Wednesday, April 23, 2014

Understanding Dyes

To get you up to speed on the dyes that are used when making rugs, we've compiled three categories of types. Keep these in mind when shopping for quality and brilliance of color:
Natural dyes have been used for centuries to create beautiful and striking colors. Historically, they've come from plant sources, and they typically do so today. For example, reds are often created from dried madder root, blues of indigo extracted from a variety of plants, and yellows from the Mediterranean herb, weld. Secondary colors then come from mixing these primary colors. Shades of brown can also be created naturally, from items like walnut husks.
The natural dyeing process can be a complicated one. As a result, pieces that are naturally dyed can be more expensive than those created with synthetic dyes and are usually highly desirable. While the unique colors created by natural dyes can be closely imitated with synthetic ones, colors from natural dyes do vary slightly, giving you a one-of-a-kind piece that can never be exactly duplicated!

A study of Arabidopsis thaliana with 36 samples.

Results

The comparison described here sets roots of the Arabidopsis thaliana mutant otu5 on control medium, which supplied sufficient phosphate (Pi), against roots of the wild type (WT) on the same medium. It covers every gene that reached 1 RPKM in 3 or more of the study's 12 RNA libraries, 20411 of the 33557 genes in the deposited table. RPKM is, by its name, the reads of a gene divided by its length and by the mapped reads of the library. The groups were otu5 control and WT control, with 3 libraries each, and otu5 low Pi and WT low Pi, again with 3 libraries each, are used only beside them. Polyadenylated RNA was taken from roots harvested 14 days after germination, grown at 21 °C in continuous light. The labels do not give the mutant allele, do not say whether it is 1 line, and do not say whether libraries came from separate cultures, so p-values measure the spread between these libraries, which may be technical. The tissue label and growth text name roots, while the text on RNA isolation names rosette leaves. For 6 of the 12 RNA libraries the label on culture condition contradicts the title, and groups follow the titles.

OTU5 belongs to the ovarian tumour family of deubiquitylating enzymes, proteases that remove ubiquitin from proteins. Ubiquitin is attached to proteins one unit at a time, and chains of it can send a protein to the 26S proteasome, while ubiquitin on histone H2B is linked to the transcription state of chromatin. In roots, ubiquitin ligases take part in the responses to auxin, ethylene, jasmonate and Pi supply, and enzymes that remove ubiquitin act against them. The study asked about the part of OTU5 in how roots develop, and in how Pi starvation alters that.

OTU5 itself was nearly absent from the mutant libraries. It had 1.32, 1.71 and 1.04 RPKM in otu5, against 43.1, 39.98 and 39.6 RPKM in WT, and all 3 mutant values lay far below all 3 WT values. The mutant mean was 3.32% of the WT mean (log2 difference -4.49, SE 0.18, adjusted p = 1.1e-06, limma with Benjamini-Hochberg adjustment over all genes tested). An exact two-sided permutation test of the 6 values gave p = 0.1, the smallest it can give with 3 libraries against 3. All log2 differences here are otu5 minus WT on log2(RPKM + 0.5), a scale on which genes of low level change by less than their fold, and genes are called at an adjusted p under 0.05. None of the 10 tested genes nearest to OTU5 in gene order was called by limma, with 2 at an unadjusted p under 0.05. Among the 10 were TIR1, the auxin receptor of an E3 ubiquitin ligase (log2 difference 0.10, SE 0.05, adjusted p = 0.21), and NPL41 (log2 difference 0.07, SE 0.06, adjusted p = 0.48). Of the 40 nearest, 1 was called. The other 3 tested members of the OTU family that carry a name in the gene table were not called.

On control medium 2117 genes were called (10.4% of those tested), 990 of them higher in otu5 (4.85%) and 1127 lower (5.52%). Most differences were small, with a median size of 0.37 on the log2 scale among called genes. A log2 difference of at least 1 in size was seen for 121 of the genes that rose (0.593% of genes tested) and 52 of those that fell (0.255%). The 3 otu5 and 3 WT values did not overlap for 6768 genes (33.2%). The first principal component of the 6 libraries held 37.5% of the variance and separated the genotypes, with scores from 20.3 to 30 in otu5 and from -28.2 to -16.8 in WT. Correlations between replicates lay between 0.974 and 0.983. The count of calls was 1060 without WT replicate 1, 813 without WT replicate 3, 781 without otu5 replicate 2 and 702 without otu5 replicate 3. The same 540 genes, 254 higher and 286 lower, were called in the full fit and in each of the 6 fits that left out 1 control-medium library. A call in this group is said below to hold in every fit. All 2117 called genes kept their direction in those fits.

If you don’t want to stretch your budget too thin, rugs colored with synthetic dyes are great options, as it’s nearly impossible for the naked eye to tell the difference between a synthetically dyed and naturally dyed rug. While prices vary, a synthetically dyed rug usually costs about 30% less than one that’s naturally dyed. Synthetic dyes are also bold and bright, and they allow a manufacturer to create rugs with consistent coloring.
A Mixture
Because certain natural dyes are not readily available in all areas, rugs are often dyed using a mixture of natural and synthetic colorants. Rug makers use what materials are available to them that will give the best color payoff for you to enjoy!